1. Can you compare Wanderlodge ownership to the classic car hobby? It seems that the Wanderlodge has a cult following. There is an air of mystery associated with any Bird. I compare it to showing up at a classic car meet and a guy pulls up with a Packard, a Duesenberg or a Tucker--or some other automobile that is rarely seen but highly revered. The other car guys look on with awe and amazement. Is this a correct assumption?

2. How hard is it locate parts for the drive train and chassis?

3. Could I expect a well maintained Bird to be reliable and relatively trouble free? I realize that I would be looking at a twenty to thirty year old Bird and things wear out, need to be replaced, etc. Motor homes need attention and maintenance--similar to owning a boat or an aircraft.

I thank you all in advance for your replies.
TheKGB, huh? Interesting handle...

Anyway, welcome and here goes my answers.

A1. Cult following is a fairly accurate way to put it. I liken it to Corvette clubs. The other guys not only look on with admiration, but they usually come by to talk and ask questions. A lady last week in a large toterhome and stacker wanted to know how many bathrooms we had. She expressed jealousy upon hearing about the washer/dryer. All part of the ownership experience.

A2. IMO, parts for drivetrain and chassis isn’t your challenge. It’s all pretty much standard class 8 stuff. Trying to find a good mechanic for the older engines may be challenging however. The bigger challenge, like any vintage vehicle, is the upkeep/replacement of the coach systems where electrical and other system parts manufacturers may be long gone.

A3. You answered your own question with your second and third sentences. Generally speaking, a well maintained Bird will still require constant attention like a large boat. Too many systems. There’s always something to work on. Preferably not on the road. A well maintained one will always be preferable to a neglected one, but there will still always be stuff to do. Try to find one with good maintenance logs that document PM, repairs and upgrades. And always make sure the “blue box” or owner’s manuals are there. Preferably with all the system drawings.

Good luck in your search and happy hunting.
Welcome, I have a '90WB. With that said, I think I have broken down about 3 times in 13 years. That's towable breakdowns, and I now have just past 250k on the speedo. And as Mike has said, it is a cult type of thing. When I am parked at a campground, my coach is always getting looks(and sometimes, pictures are taken) and questions. Most people don't believe it's as old as I say, and can't believe it when I stick a magnetic on the side, or that it has the original paint job. When I tell them, I have a Detroit powering it, they really are awed.
I don't know what part of the country(or Russia) your in, but there are gatherings held with from 20 to 150 coaches, you might to stop in on one and talk to owners and look at them, in and out. Most of the time, we don't bite, unless I haven't had my coffee yet.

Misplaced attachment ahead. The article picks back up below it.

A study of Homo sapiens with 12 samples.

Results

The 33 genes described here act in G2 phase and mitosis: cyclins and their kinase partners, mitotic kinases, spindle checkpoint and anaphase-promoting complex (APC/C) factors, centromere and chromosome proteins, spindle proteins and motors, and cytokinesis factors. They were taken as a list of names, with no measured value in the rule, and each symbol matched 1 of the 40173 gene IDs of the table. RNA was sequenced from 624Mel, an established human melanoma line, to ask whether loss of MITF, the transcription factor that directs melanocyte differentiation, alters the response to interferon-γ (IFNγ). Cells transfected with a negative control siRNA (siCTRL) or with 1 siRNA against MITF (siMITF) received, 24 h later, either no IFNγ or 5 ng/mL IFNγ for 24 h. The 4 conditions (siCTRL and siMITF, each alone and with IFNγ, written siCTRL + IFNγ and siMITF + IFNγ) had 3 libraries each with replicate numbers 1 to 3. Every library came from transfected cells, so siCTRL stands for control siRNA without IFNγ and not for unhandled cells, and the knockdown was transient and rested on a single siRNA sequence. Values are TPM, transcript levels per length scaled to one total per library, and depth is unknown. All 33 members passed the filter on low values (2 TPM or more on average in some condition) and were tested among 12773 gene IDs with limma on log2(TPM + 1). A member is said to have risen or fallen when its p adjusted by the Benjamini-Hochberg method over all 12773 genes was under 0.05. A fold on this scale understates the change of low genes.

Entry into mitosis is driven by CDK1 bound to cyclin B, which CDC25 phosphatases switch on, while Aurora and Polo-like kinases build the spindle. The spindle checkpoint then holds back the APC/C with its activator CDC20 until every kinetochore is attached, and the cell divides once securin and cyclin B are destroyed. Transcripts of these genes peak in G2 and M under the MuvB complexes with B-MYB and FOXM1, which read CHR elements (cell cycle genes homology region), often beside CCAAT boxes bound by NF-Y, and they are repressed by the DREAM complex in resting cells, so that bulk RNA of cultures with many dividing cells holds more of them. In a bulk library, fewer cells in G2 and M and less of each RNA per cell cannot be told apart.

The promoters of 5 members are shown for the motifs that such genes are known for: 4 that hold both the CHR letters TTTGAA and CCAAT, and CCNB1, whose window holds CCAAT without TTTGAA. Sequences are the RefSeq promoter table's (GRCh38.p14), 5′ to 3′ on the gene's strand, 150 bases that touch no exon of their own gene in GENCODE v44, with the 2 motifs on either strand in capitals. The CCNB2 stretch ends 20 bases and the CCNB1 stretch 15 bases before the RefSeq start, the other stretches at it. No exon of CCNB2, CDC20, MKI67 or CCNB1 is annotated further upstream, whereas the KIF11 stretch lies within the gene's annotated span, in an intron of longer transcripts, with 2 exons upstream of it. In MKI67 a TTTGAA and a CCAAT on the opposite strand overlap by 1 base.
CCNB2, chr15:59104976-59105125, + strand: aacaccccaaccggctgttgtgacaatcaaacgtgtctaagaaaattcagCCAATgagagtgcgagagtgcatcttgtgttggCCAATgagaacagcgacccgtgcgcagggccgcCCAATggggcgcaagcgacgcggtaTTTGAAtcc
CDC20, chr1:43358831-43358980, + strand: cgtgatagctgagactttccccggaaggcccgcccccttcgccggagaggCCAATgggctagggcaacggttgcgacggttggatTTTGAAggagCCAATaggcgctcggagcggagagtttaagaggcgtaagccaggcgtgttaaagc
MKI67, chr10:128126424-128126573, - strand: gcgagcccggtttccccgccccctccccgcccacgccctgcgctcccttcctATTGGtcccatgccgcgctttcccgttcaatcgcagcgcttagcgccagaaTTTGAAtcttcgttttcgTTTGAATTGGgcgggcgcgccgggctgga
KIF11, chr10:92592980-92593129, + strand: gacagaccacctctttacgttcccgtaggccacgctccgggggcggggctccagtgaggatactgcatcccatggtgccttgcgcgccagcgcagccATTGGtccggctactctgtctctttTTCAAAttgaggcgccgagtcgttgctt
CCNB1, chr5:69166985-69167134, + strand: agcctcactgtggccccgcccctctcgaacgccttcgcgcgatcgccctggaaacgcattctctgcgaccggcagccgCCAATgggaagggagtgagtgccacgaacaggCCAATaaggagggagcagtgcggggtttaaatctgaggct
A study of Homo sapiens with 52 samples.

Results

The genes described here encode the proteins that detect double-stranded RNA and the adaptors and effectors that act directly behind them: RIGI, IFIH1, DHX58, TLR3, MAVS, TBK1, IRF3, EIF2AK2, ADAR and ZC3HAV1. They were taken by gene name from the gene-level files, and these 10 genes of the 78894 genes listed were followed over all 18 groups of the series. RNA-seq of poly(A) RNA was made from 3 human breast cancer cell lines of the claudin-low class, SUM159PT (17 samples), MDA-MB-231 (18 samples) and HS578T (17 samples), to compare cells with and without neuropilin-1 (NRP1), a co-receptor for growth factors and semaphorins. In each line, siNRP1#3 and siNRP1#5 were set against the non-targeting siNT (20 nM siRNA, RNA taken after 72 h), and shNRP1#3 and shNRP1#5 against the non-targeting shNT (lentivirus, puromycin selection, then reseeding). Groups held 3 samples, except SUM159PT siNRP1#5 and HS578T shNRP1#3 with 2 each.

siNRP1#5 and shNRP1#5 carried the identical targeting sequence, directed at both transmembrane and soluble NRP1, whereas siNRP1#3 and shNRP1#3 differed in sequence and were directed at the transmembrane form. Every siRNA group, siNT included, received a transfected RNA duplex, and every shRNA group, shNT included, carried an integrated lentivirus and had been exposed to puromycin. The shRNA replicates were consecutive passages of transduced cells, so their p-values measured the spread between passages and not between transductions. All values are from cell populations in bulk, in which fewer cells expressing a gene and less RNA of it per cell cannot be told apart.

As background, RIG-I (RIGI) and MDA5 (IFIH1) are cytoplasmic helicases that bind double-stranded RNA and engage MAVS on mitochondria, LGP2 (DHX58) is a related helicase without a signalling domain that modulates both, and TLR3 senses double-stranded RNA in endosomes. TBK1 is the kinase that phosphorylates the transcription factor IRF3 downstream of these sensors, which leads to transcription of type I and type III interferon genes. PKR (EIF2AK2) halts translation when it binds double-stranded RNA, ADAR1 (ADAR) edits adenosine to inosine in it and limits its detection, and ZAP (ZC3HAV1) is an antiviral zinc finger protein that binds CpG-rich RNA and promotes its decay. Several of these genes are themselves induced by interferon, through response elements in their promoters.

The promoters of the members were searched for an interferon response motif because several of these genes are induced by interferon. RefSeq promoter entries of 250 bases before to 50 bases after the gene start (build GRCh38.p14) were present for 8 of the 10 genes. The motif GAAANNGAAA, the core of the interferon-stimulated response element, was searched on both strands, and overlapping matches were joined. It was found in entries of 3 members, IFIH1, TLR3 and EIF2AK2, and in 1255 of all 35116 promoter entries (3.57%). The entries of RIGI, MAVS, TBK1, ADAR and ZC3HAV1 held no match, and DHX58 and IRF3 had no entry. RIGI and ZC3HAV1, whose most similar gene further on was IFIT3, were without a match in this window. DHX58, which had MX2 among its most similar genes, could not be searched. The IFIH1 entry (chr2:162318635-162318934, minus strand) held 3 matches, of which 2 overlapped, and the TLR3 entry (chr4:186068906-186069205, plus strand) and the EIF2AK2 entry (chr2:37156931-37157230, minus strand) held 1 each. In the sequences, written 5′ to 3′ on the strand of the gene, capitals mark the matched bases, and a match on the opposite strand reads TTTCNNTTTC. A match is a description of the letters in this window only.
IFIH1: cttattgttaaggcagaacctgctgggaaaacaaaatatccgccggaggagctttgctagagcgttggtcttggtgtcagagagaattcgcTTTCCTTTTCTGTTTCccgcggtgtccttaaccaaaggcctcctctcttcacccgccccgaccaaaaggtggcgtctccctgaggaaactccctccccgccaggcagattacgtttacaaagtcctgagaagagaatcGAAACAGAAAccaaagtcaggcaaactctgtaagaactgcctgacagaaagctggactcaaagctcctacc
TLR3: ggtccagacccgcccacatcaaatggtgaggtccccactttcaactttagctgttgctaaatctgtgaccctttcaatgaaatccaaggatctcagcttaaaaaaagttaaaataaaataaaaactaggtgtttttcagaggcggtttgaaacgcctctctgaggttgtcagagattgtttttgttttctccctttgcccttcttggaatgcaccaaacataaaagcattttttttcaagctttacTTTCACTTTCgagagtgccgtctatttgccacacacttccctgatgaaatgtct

To Mike and Steve:

Thanks for your input. One of my biggest concerns is the two-stroke Detroit Diesel engine. From what I have read on numerous forums, it seems that it's difficult to a mechanic that can still repair the old hardware. Am I wrong?

I live in Atlanta. I did run across a Bird owner through a facebook thread. I had him on the phone for an hour and took six pages of notes. He's offered to show me his Wanderlodge. I just need to get time to take him up on his kind offer. I would welcome the opportunity to stop in at any gatherings. I'm always up for a road trip. Please let me know of any upcoming events.
My engine is the two stroke, but it is a DDEC 2. In other words, second generation, computer controlled. I have not had too much trouble finding people to work on it, BUT, it is getting there. It is still being used by the military and will be so until 2050. If you are concerned about it, talk to a Detroit dealer in your area. I know WWWilliams(in Atlanta) still works on them.
Or, you can look for a '95 and up coach which has the 60 series Detroit.
There is a rally in Pine Mountain, Ga., in Oct., with about 150 coaches.
Steve: Thanks for the info! I'm aware of the rally in Pine Mountain in October but I have a prior commitment and I can't get out of it; otherwise, I would be there. If any other rallies or meetings are coming up please let me know.
Thanks for the info. For what it's worth, I did call WW Williams today and talked to a service tech. He advised me to look for a 60 series engine instead of an 8v92. Long term, he believes that the 60 series would be a better choice. Granted, that's one persons opinion. . .
For All Bluebird Rallies go to https://friendsofthevintagebluebird.wildapricot.org/.
I'm sure you will be welcome at all of them.

Thanks for the info. I should be able to make to a couple of these rallies this summer. Hope to see you there!